Release Your Inner Child this Halloween

Happy Halloween michele_smith-aversaThe word Halloween is a shortening of All Hallows’ Evening, also known as Hallowe’en or All Hallows’ Eve. With all the traditions to which we have become accustomed, (carving pumpkins, dressing up, handing out candy, eating food that feels squishy and screaming for fun), according to www.halloweenhistory.org, Halloween’s origins are born from the Gaelic culture preparing for winter.

 

“The ancient Gaels believed that on October 31, the boundaries between the worlds of the living and the dead overlapped and the deceased would come back to life and cause havoc such as sickness or damaged crops.”

 

That just cries out for candy, doesn’t it?

 

The custom of children dressing in costume and going “trick or treating” is likely the most recognized symbol of the Halloween holiday. Often now said as one word “trikortreet,” the children today may not think too deeply about the fact that they are actually giving the innocent homeowner an option. With their innocent little smiles, the children are actually asking, “Do you want me to t.p. your lovely landscaping and egg your new car, or would you prefer to give me snak-size candy bar and then watch me head for your neighbor’s house?”

 

Trick or treating originated from more honorable intentions back in the medieval days when the practice of mumming or souling was common. Mumming, more prevalent in Germany, involved people who dressed up and entered homes to dance or play games in silence. If only we could get our own relatives to do these things in silence, right?

 

Souling involved groups of people who went from one parish to another begging the rich people for small cakes in exchange for saying a prayer said about the souls of departed loved ones (which is how the small cakes became known as Soul Cakes). But closest to what we know today is guising. In Scotland and Ireland, children disguised themselves in costume and went from door to door for food or coins. Guising doesn’t seem to have as much of an honorable background, but probably because of the food and money, that particular tradition is the one that seems to have won out.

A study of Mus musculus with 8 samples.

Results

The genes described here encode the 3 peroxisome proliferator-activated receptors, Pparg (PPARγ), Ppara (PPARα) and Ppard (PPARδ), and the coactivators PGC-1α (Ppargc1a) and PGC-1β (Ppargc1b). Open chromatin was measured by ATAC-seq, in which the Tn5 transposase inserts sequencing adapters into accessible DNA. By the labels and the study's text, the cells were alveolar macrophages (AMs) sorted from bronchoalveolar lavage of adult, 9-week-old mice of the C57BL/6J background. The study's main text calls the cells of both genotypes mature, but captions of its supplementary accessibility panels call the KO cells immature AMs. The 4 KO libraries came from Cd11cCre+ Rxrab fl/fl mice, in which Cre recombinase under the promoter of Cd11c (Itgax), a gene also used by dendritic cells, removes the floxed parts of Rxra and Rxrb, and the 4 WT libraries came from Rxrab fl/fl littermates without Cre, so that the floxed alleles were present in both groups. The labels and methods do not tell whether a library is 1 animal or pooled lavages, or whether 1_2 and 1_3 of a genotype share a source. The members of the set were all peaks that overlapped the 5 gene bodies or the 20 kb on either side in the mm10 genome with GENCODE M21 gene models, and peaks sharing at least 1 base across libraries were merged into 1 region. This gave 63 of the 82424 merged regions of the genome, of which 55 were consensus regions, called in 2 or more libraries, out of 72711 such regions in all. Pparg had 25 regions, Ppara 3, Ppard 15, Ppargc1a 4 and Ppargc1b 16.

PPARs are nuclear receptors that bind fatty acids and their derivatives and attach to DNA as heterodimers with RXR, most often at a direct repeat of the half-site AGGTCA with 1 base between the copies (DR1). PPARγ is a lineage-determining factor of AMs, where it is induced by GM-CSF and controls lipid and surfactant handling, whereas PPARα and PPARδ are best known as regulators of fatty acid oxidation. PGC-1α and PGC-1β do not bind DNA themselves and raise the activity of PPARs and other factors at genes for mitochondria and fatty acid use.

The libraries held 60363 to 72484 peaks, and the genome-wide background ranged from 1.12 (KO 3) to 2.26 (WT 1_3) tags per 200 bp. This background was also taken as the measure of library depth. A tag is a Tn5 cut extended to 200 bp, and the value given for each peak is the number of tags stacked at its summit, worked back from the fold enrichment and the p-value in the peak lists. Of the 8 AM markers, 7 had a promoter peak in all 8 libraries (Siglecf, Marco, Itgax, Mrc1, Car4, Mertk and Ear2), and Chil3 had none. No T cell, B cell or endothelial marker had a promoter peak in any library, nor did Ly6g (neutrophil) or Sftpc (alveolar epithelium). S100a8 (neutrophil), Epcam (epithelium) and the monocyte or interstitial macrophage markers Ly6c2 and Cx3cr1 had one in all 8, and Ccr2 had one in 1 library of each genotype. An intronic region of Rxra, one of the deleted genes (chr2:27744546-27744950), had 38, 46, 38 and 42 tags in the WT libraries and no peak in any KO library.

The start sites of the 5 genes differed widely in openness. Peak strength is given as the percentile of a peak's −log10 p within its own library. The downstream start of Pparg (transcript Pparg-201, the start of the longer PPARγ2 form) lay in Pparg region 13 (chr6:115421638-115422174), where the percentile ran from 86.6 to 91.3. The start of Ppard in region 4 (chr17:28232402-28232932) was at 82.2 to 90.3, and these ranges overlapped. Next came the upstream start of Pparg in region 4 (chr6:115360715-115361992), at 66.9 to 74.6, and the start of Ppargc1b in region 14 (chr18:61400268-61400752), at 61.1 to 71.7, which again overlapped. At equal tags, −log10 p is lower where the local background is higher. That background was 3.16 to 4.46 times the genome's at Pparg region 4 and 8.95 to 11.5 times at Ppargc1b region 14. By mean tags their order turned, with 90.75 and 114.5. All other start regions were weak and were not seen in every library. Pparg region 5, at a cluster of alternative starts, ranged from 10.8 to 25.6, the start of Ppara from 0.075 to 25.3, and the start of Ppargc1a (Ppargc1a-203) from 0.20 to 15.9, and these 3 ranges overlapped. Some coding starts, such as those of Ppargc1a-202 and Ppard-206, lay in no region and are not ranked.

Personally, I think Halloween has evolved into “Opposite Day.” Every action on that day completely contradicts our behaviors the other 364 days of the year.Halloween 1

 

For instance:

 

1. Normally, children are told to be back into the house before dark. On Halloween, they aren’t allowed to leave the house until just after dark.

 

2. We teach our children “Stranger Danger!” But on Halloween, we tell them to go up to every strange house they have the energy to manage and “take candy from that strange man” is the motto of the evening. (Candy from strange men in vans is STILL and will always be off-limits, however).

 

3. Don’t play with your food! But on Halloween, we cut up pumpkins, pull out the stringy, slimy guts, carve faces into the thick skins, put candles and flashlights inside the carcass and set it on the front porch for the world to see. So go ahead, play with your food. Have a ball!

 

4. Seeing an ad for a Murder House makes everyone whip out their cell phone with excitement to look up the Hours of Operation.

 

5. 364 days of the year, being afraid shakes our sense of security to the core. But this one special night, we pile 12 of our friends into the smallest subcompact we can find and drive to The Haunted Hideaway on Route 666 and get off at exit 13. Park the car in the dirt lot with no streetlights, run – don’t walk – to the spooky house with boarded up windows guarded by a Zombie wearing a tuxedo and hand over $15 for the privilege of being startled, scared, freaked out and frantic at every last turn.

 

6. Adults revert back to children, “I want to be a fireman, I want to be an astronaut. I want to be a cowboy.”

 

7. Normally we are cautioned by the mental health community and our mothers to “act our age and don’t hide behind a façade.” However, on Halloween, we are encouraged to dress up as a Smurf, a lollipop, a pirate or the devil.

 

8. On March 5 (or any other innocuous day of the year), black makeup and nail polish are considered Goth – dark and creepy. On Halloween, it is suddenly fun and festive.

 

9. October 31 is a rare day that nuns, dead movie stars and circus clowns are operating public transportation and serving java at the nearest coffeehouse.

 

10. Under normal circumstances, sticking ones head in a bucket full of water in order to grab an apple is considered dangerous, desperate or just immature. On Halloween, it’s considered a party game.

 

11. For Easter, bring a plate of cookies that look like dead people to the family dinner will get you bounced out on your butt. However (thought I was gonna say “But” again, didn’t you?), truffles decorated to look like a pre-Visine eye and cupcakes that ooze “blood” is standard fare.

 

12. Dry ice in your drink? Why not?

 

13. 364 days, black spiders bring shrieks, shoes and exterminators. On Halloween, everyone is hiding behind a fencepost whispering, “Hey buddy, you know where I can score some bugs?”

 

14. Spotless houses are a thing of pride. Dirt and cobwebs are cleaned away to keep allergies at bay. On Halloween, we actually go to the store and pay good money to buy dirt, dust and cobwebs.

 

So release your inner child and dress up like the superhero you’ve always dreamed of being. Head off to the mall for a pretzel and high-five the werewolf at the next table. Why not – its Halloween!